Aside from boards completely fried by liquid, I'd say the next most common liquid-damaged component is memory. Definitely pull the memory from the bad machine, and try your MacBook Pro's known-good memory. Using it for testing shouldn't hurt it. Try one module in one slot with the other empty, and then move the single module to the other slot if that doesn't work. This method of testing reveals if a slot is bad. I've had at least a dozen MacBooks work fine after just the memory was replaced. And usually, the damaged memory works again too if rubbing alcohol is swabbed over the corodedcorroded parts, which are usually sort of a crusty white on the memory module. I'd use q-tips and rubbing alcohol on any part of the MacBook which appears to be corroded.
 
Sure, you can use your Pro's hard drive for testing, but actually you should probably just pull the MacBook's drive while you're testing the machine, because for the most part it's not necessary that a hard drive be installed at all. If you ever get to the point where it chimes, the screen lights up, and you have a blinking question mark, then you can start to worry about the hard drive, but until then it's not necessary to have it in there.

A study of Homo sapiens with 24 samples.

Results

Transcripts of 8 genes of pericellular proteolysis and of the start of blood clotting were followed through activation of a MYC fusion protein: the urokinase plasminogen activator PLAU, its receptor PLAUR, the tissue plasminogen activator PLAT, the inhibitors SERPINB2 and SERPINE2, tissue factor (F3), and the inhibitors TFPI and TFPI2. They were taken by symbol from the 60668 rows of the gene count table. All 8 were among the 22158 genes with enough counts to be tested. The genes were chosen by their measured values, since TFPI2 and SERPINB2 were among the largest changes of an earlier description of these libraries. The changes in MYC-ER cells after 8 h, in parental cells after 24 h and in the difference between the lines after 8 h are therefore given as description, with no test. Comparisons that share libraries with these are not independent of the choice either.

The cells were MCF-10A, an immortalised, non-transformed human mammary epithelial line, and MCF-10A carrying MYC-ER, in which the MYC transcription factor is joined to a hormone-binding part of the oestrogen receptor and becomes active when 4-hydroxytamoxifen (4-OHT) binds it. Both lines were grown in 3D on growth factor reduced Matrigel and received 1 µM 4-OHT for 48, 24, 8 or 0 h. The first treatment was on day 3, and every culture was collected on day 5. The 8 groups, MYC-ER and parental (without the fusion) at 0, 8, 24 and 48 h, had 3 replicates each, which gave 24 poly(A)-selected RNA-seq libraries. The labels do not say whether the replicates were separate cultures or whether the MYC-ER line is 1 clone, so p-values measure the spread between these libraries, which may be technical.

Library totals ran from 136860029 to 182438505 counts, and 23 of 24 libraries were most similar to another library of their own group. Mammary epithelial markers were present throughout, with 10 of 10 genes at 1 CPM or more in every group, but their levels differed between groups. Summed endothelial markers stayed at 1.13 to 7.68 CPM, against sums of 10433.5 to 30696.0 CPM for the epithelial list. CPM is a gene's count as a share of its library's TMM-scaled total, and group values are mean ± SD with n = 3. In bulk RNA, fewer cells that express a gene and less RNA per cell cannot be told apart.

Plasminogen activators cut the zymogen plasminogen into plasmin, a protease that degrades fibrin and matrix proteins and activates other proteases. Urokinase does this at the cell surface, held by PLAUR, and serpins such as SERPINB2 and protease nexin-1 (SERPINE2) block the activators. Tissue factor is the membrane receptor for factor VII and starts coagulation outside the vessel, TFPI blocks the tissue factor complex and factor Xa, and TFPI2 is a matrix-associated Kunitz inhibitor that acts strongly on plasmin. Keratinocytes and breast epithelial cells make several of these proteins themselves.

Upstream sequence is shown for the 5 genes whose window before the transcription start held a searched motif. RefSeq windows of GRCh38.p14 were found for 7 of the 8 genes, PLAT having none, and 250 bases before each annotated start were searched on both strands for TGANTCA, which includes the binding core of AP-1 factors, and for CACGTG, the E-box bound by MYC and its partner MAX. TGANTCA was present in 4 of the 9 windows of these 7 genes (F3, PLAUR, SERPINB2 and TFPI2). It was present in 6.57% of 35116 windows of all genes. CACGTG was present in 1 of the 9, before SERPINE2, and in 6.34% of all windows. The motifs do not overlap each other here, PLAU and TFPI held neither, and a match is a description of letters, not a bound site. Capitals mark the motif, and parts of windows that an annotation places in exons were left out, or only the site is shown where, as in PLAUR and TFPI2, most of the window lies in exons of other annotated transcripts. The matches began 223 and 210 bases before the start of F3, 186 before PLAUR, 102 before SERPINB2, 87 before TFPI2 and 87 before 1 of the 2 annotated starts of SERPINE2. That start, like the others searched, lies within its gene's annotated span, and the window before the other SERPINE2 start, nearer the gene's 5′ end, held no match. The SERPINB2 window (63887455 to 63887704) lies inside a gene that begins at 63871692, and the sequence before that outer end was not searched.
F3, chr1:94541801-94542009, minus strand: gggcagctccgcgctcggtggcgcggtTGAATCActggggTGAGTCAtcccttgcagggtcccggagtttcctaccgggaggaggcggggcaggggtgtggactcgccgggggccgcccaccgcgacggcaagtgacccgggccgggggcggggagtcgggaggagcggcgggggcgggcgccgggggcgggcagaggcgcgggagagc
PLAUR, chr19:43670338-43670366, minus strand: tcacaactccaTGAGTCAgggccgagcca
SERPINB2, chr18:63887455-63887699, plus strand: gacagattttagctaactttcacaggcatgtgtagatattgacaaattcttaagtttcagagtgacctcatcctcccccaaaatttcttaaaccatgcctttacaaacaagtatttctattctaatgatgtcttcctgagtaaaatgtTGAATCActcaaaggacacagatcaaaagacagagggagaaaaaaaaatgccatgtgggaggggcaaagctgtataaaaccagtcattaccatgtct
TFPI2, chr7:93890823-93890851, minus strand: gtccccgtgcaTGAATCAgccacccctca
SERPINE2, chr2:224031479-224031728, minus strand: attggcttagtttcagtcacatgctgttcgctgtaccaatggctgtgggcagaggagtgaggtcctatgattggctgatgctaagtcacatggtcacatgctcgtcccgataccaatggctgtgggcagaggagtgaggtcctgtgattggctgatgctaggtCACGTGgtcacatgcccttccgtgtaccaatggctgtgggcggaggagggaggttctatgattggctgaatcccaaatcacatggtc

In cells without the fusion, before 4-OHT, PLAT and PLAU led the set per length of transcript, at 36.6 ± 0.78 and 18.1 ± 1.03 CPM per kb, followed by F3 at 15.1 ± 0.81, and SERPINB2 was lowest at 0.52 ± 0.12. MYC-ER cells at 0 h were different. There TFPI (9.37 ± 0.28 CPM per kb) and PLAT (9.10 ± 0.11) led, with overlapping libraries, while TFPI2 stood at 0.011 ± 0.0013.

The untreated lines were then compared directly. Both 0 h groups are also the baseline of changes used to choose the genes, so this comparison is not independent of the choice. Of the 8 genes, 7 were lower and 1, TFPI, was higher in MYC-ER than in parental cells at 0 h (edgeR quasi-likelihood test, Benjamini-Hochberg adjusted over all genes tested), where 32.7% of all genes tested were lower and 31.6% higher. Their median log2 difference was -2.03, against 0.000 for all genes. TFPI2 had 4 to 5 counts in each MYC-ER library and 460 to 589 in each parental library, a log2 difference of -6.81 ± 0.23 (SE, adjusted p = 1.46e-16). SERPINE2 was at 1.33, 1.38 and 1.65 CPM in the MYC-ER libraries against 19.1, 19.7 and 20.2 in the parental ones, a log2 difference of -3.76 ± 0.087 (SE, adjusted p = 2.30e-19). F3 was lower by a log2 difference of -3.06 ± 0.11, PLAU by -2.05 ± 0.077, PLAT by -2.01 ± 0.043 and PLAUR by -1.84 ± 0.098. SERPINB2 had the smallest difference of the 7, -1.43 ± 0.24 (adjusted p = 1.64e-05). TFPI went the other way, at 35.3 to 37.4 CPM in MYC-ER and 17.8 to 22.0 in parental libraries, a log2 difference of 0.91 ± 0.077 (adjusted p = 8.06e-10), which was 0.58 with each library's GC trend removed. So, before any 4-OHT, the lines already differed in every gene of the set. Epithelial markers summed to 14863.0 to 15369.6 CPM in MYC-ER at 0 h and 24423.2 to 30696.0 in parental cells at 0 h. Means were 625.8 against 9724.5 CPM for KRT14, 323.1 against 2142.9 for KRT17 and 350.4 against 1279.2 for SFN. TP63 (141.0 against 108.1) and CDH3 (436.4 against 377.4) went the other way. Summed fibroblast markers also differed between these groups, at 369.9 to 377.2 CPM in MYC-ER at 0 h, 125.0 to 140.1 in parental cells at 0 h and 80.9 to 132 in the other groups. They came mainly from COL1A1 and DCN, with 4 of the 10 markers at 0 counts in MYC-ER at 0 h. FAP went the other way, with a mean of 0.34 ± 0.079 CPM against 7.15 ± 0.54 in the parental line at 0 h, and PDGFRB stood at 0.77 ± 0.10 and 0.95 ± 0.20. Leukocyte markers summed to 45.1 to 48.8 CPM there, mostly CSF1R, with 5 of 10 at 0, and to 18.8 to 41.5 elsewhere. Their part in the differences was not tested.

Definitely try to reset the PMU...sometimes that "brings to life" dead machines. Good luck!



Sure, you can use your Pro's hard drive for testing, but actually you should probably just pull the MacBook's drive while you're testing the machine, because for the most part it's not necessary that a hard drive be installed at all.  If you ever get to the point where it chimes, the screen lights up, and you have a blinking question mark, then you can start to worry about the hard drive, but until then it's not necessary to have it in there.

Definitely try to reset the PMU...sometimes that "brings to life" dead machines.  Good luck!